Opening up about mental health

Keynote speaker, Robb Nash, is joined on stage by panelists, Dr. Lisa Monkman, Sean Miller and Tessa Blaikie Whitecloud in a recent community conversation about mental health, addiction and healing.

A community came together recently to share in an open dialogue about topics that are often difficult to discuss.

The Winnipeg Foundation, in partnership with the Canadian Mental Health Association, held the first Vital Conversation, as part of Winnipeg’s Vital Signs.

The gathering on Jan. 23, 2017, focused on mental health, addiction and healing, and was held at the University of Winnipeg Atrium.

The conference started a conversation about the struggles and stigmas surrounding the topic of mental health in Winnipeg. Some participants shared their own personal experiences during round table discussions, while others shared information on how to help those who are suffering with a mental illness.

Keynote speaker Robb Nash delivered a hard-hitting presentation about his experiences working with Canadian youth across the country.

When Nash was 17 years old, he was in a car accident where first responders pronounced him dead.

Since his death defying experience and recovery, he travels across Canada delivering inspiring speeches to high school youth. He reminds them to take control of their lives, and realize their lives are worth living.

On our tour we’ve been handed 671 suicide notes. When I went through my mental illness, and when I had the suicidal thoughts, I was by myself,” said Nash.

“When I see something like this – coming together and making a community aware and bringing together resources, we can make a bigger impact and make things more significant. “

L-R: Dr. Lisa Monkman, Sean Miller, and Tess Blaikie Whitecloud listen to keynote speaker Robb Nash talking about how to ask more critical questions when addressing issues around mental health and addictions.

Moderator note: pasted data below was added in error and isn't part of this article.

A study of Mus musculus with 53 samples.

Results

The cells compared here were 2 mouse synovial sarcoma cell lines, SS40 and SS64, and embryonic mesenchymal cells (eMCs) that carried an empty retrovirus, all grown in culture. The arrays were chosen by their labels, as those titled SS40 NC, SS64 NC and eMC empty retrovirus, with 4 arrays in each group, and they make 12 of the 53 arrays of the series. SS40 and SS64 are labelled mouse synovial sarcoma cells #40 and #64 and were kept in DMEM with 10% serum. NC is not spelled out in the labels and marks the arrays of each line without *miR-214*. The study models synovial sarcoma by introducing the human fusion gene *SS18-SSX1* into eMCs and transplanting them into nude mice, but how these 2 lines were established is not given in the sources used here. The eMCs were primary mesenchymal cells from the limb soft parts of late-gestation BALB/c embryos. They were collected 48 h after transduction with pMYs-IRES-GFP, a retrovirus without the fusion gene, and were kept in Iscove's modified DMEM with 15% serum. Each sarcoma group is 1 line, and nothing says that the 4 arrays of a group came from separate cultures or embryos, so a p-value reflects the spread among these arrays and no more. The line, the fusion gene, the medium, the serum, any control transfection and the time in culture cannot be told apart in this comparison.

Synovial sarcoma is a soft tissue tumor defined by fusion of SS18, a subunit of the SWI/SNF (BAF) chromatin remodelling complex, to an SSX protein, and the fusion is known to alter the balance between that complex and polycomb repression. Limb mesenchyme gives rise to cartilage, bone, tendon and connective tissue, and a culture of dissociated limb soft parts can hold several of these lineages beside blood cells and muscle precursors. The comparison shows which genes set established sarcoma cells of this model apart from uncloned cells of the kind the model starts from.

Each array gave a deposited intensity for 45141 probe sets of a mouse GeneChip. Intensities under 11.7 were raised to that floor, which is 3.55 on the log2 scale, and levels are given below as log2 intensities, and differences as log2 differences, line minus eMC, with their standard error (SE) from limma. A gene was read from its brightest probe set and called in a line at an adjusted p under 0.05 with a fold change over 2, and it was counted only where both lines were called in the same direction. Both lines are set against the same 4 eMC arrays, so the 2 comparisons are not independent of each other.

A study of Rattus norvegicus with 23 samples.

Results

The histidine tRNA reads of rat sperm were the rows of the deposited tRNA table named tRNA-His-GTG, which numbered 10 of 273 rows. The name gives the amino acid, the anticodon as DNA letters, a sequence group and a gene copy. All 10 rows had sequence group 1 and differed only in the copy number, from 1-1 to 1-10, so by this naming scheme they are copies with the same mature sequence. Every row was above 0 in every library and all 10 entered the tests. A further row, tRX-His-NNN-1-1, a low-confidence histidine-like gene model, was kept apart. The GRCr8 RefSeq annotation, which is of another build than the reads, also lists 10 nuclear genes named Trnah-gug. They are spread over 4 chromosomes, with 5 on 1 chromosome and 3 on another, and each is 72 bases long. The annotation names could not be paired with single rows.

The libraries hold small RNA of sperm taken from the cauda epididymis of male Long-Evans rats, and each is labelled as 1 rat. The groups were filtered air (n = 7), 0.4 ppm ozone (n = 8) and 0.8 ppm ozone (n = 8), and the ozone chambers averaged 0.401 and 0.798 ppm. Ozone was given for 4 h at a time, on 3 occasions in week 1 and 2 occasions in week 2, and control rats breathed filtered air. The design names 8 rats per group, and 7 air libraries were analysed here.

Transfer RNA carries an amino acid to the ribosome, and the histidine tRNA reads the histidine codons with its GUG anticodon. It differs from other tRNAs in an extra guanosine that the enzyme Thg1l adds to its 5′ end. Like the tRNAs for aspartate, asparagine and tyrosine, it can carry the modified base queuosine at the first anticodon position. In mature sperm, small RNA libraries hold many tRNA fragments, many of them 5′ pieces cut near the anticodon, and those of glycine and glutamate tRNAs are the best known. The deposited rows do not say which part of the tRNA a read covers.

Dr. Lisa Monkman said during a panel discussion that mental illness is often very difficult to treat because it is so hard to describe. She believes the most influential factor to mental illness is chronic stress.

Peoples resilience will often pull them through difficult times, but sometimes it doesn’t,” said Monkman. “That’s part of the most difficult thing about working in the mental health field. That sometimes you don’t have all the answers. People don’t develop addictions if they aren’t stressed extremely in some way. We as a society have to work on improving our stress levels.”

Tessa Blaikie Whitecloud also believes stress levels are a large reason why so many people are suffering with mental illness. But, she hopes for safe spaces and proper health care for those who need it most.

We all have mental health, we need to prioritize it,” said Blaikie Whitecloud. “But, we also need to build a society that gives us a space to cope with the high levels of stress, but also the space to reduce that stigma around mental illness.”

Winnipeg’s Vital Signs Report will be released in October 2017.

Winnipeg’s Vital Signs® initiative, a project of The Winnipeg Foundation, is a check-up on the vitality of our community. As part of Vital Signs®, the first in a series of Vital Conversations was held on Mon. Jan. 23, focused on Mental Health, Addictions and Healing. 

For more stories on this event, go to “Digging deep on mental health and well-being“. You can also view a full recording or a recap of highlights from the discussion by visiting The Winnipeg Foundation’s Facebook page.